The numbers are frightening: Every 17 minutes someone is injured by furniture, a TV or an appliance tipping over on them, and about every 10 days a child dies from a tip-over incident.

Despite those alarming statistics, furniture, including dressers, is not required to be tested before being sold. And that can be a problem because recent Consumer Reports testing revealed there are big differences when it comes to dresser stability.

Janet McGee’s 22-month old son, Ted, was killed when a dresser tipped over on top of him.

“When I opened the door… right in front of me was his dresser that had fallen forward, and immediately thought oh my God, it is so quiet in here, he has to be under it,” the Minnesota mother said, “I remember having the thought of, I hope this is a dream, but I know this isn’t a dream.”

The dresser that killed Ted was an Ikea Malm. Ikea later recalled the dresser and has since changed its design. The company did not respond to requests for comment about the incident involving Ted McGee.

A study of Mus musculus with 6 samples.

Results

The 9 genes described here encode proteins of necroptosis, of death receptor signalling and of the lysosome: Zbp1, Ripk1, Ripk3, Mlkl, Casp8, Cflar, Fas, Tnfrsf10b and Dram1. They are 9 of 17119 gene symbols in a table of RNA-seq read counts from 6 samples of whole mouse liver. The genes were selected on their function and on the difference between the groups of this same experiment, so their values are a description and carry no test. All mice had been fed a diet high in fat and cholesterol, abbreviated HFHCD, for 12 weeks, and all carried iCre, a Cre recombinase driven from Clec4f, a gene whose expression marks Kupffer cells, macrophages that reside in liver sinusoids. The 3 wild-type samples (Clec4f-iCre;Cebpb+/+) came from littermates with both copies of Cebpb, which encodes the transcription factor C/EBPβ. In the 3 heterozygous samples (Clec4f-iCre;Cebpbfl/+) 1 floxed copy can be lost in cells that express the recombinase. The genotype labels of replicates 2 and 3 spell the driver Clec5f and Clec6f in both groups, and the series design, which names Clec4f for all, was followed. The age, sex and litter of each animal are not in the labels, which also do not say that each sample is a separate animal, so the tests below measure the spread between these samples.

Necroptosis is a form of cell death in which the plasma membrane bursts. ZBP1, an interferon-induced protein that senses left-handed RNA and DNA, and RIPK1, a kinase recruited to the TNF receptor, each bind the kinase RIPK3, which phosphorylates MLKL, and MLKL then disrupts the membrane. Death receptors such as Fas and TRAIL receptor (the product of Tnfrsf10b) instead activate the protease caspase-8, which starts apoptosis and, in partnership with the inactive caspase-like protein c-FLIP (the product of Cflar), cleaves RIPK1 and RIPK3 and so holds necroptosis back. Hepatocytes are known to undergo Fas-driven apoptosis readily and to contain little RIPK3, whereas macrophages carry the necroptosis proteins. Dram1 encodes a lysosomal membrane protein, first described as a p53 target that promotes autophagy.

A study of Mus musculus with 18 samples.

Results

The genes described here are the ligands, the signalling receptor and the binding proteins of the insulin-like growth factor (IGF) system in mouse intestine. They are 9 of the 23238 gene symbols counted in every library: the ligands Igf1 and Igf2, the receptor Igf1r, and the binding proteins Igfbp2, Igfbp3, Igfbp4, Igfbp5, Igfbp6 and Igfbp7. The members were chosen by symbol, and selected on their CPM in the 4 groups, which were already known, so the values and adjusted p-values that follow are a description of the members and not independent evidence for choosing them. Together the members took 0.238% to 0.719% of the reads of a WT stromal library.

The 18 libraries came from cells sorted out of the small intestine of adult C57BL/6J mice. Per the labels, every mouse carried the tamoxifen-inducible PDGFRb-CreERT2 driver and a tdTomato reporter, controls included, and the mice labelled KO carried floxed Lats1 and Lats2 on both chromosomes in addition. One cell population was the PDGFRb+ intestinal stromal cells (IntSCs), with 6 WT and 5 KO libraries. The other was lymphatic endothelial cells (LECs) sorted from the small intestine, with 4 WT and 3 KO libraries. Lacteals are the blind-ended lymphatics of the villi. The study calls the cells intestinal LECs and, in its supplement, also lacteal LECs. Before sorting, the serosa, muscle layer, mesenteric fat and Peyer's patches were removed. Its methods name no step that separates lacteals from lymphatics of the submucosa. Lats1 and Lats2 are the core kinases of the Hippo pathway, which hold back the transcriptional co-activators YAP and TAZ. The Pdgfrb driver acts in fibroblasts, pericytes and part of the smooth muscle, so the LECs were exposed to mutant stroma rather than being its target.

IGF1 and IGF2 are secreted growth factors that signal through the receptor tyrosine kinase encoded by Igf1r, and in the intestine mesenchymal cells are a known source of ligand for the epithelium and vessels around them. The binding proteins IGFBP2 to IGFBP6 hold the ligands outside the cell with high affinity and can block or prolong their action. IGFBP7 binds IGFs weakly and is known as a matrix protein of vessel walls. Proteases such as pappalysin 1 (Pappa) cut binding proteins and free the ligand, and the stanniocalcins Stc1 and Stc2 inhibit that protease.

But it leads to the question: how stable are new dressers currently on the market?

Consumer Reports bought 24 models from different furniture manufacturers, then evaluated them based on three different tests. Thirteen dressers passed all the tests, while 11 failed at least one test.

Dressers from Pottery Barn, Epoch and Sauder, among others, passed CR’s 60-pound test, while models from South Shore and Ameriwood failed a 50-pound test.

Both South Shore and Ameriwood say their products meet voluntary safety standards.

So how can you tell if a dresser in your home is secure? You can’t tell if a dresser is going to tip over just by looking at it, which is why Consumer Reports is pushing for mandatory safety standards, and says all furniture should be properly anchored to a wall.

McGee agrees and says manufacturers should also design and build safer furniture.

“I should be able to purchase something, and put it in my child’s room, and it be safe,” she said.